The wait for workers of four sectors, including private jute mills and tea gardens, for new wages has gotten longer as the fixation of their minimum wages was halted following the authorities' unwillingness to join physical meetings amid the pandemic.
The minimum wage board under the labour and employment ministry in a notice last week said it could not carry out activities to fix a minimum wage for workers in private jute mills, tea gardens, printing press and security services from March 26 to May 30 due to the general holiday.
"Considering the current situation, members of the board have expressed disinclination to attend meetings. The dates of meetings will be fixed and all will be informed accordingly once the coronavirus situation improves and normalcy returns," the board said in the notice.
This disclosure comes at a time when tens of thousands of workers, including nearly 150,000 employed in private jute mills and 140,000 in tea gardens, are waiting to get new wages.
The minimum wage for workers at the private jute mills is Tk 4,380 per month with Tk 2,700 being their basic pay -- which is one-third of the minimum wage fixed by the government for workers at state-run mills, including jute.
Meanwhile, tea workers get Tk 102 per day now along with 3,270 grams of rice or wheat flour, said Rambhajan Kairi, general secretary of the Bangladesh Tea Workers Union.
"Workers are living from hand to mouth. We want the government to take a special initiative to declare minimum wages for us," he said.
Kairi, who represents tea workers on the board, said tea gardens were not shut even for a day because of the coronavirus.
"Workers are working amid risk of infection," he said, adding that the issue of fixing a minimum wage could be moved forward by holding virtual meetings as not all members are willing to be present physically amid Covid-19 outbreak.
"A number of big decisions are being taken [by the government] through virtual meetings," said Kairi, demanding Tk 300 as daily wage for tea workers.
Shahidullah Kha, who represents jute mill workers in the private sector on the board, said he is willing to join the meeting of the wage board.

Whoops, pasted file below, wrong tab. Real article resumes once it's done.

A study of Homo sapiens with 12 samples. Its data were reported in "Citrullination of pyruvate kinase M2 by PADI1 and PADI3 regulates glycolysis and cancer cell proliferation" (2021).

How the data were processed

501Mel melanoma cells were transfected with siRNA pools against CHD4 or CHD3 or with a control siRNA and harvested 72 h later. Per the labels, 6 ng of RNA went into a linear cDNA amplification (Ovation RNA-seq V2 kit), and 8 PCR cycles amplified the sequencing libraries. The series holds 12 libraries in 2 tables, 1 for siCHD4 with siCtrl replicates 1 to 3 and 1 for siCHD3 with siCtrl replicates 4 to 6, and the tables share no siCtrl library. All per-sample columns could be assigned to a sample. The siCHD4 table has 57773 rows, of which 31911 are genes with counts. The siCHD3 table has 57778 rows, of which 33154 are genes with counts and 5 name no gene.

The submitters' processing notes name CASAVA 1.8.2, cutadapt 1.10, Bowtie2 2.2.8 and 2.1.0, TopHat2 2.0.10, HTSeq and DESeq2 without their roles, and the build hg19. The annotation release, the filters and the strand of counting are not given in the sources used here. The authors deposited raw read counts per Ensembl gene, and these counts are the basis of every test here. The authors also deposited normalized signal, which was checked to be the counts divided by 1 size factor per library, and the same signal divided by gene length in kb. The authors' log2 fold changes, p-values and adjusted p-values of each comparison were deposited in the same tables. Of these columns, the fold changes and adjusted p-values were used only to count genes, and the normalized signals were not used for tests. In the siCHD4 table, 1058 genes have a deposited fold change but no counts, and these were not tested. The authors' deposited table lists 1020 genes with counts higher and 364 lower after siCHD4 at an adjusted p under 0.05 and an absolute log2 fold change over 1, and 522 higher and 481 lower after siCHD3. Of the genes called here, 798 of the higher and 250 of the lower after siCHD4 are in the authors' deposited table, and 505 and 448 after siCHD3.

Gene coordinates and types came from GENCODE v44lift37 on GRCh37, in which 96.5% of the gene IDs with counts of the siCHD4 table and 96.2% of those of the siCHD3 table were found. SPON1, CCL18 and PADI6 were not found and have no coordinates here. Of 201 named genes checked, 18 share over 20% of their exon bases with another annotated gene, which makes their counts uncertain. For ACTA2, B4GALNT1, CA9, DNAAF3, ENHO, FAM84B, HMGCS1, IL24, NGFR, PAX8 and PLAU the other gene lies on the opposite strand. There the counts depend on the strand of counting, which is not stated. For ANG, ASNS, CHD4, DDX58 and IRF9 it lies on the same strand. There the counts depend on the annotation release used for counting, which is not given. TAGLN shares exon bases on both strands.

Sheikh Shamsul Abedin, who represents jute mill owners at the board, said several meetings took place after the declaration last week.
"We are gathering data from various mills regarding wages," he said.
Abedin, also chairman of Rajbari Jute Mills, said workers in many spinning and jute mills are getting higher wages than the declared rates of 2013.
"There is a shortage of jute mill workers. So, owners pay higher to retain them," he said.
"It would be better if the new minimum wage is fixed once normalcy returns," said Mohammad Zahurul Islam, general secretary of the Printing Industries Association of Bangladesh.
Workers and employees in the printing sector get higher than the minimum wage fixed in 2011, he added.
Some 500,000 people used to work in the printing sector before the Covid-19 broke out, according to Islam.
Jatiya Sramik League President Fazlul Haque Montu, who represents workers at the board, said a number of members, including representatives of owners, are unwilling to attend meetings amid the spread of the novel virus.
"The office is not spacious enough to ensure proper social distancing for all members during meetings," he said.
On holding virtual meetings, Montu said he would raise the issue with the board chairman.
Kazi Saifuddin Ahmed, labour adviser of the Bangladesh Employers' Federation, said it is not possible for him to be physically present at the meetings. However, Ahmed also said he would have no qualms if meetings are held virtually.
On the other hand, Chairman of the board Khandaker Hasan Md Firoz said it is not convenient to hold virtual meetings for the fixation of minimum wages.
It may not be possible to get all views and present all the information properly through virtual meetings. Therefore, physical presence at meetings is more convenient, he added.
"We will take the initiative after the upcoming Eid so that we can hold some meetings," said Firoz.
The board recommended minimum wages for workers in the plastic industry, re-rolling mills, leather goods and footwear factories and private transport sector in fiscal 2019-20.
The government had declared new minimum wages for workers in the aluminium and enamel, garments, glass and silicate sectors during the previous fiscal year.